Learning to Swim

Abigail Onions was something of a misfit at school. She had trouble with a bully and didn’t have a lot of friends. For years, her only friend was not someone she especially liked, just someone willing to spend time with her. But then Frances Radley came to her school, and Abigail had a new friend and a new family. The chaos of the bustling Radley household was a change from the quiet tension of Abigail’s home. And, at Frances’ house, there was always the hope of getting to see her older brother, Rad.

This book by Clare Chambers is a slow-moving story of growing up and falling in love and then losing that love. From the start, there are signs of great drama, but the actual events are slow to emerge. We know, for instance, that Abigail lost contact with the Radleys and had some strong feelings about it because the book begins with adult Abigail seeing Rad for the first time in decades. As Abigail tells her story, there are also hints about secrets within both the Radley family and her own family.

Chambers takes her time setting up what kind of person Abigail is, what her friendship with Frances is like, and what the Radley home feels like before the events that caused Abigail to lose touch. For me, the scene setting before the unraveling was a bit too slow. I usually don’t mind a slow narrative, but in this case, I wasn’t really clear what kind of book I was reading and what the nature of the events to come might be, which made it harder for me to maintain interest. For a while, it was a coming of age story, then it’s a romance, but there are hints of dark psychological drama. And it is all of these things to some degree. (It actually won the Romantic Novel of the Year award from the UK’s Romantic Novelists’ Association, so there’s that.)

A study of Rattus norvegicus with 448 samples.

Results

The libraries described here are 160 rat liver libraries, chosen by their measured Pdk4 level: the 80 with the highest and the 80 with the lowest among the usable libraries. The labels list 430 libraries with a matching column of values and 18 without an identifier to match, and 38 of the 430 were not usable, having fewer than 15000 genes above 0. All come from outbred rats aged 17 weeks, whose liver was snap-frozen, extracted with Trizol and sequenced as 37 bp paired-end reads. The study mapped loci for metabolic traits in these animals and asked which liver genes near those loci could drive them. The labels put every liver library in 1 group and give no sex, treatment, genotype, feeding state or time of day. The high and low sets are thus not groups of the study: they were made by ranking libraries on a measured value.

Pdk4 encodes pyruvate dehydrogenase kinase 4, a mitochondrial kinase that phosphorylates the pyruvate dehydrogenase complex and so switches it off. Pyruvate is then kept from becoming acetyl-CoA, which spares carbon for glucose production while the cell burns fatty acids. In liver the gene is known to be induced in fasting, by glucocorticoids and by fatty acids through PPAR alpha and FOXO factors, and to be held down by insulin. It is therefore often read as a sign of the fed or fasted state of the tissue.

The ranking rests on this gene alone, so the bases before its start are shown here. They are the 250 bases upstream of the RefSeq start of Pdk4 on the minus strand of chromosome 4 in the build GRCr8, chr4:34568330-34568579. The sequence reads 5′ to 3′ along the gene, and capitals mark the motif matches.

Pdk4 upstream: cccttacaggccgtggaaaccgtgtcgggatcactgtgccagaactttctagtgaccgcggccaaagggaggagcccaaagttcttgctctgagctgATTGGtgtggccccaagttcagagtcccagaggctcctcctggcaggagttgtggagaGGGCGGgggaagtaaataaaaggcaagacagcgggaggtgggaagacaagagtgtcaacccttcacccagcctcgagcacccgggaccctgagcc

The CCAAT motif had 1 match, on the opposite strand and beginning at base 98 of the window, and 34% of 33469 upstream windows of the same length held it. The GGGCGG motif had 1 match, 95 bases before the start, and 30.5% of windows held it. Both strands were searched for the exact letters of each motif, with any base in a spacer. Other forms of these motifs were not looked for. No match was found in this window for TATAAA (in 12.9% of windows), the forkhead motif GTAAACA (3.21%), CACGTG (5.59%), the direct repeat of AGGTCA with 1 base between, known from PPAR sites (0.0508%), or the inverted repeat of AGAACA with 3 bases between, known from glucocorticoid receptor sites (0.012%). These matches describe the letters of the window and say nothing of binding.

Even with the slowness, I did end up enjoying this book. I especially liked the present-day storyline that frames the narrative. For most of the book, Chambers immerses readers in young Abigail’s perspective, and seeing her (and her peers) stepping back later and reconsidering their views was pleasant. It’s not that their big feelings in their youth weren’t warranted. They were! But they were also feelings that could evolve over time, and I liked seeing that.

This entry was posted in Contemporary, Fiction. Bookmark the permalink.

2 Responses to Learning to Swim

  1. Ruthiella says:

    Romance is my bugbear…but dark psychological drama and coming of age? Yes please. This sounds like an interesting mix. And I don’t mind slow if it is interesting getting there!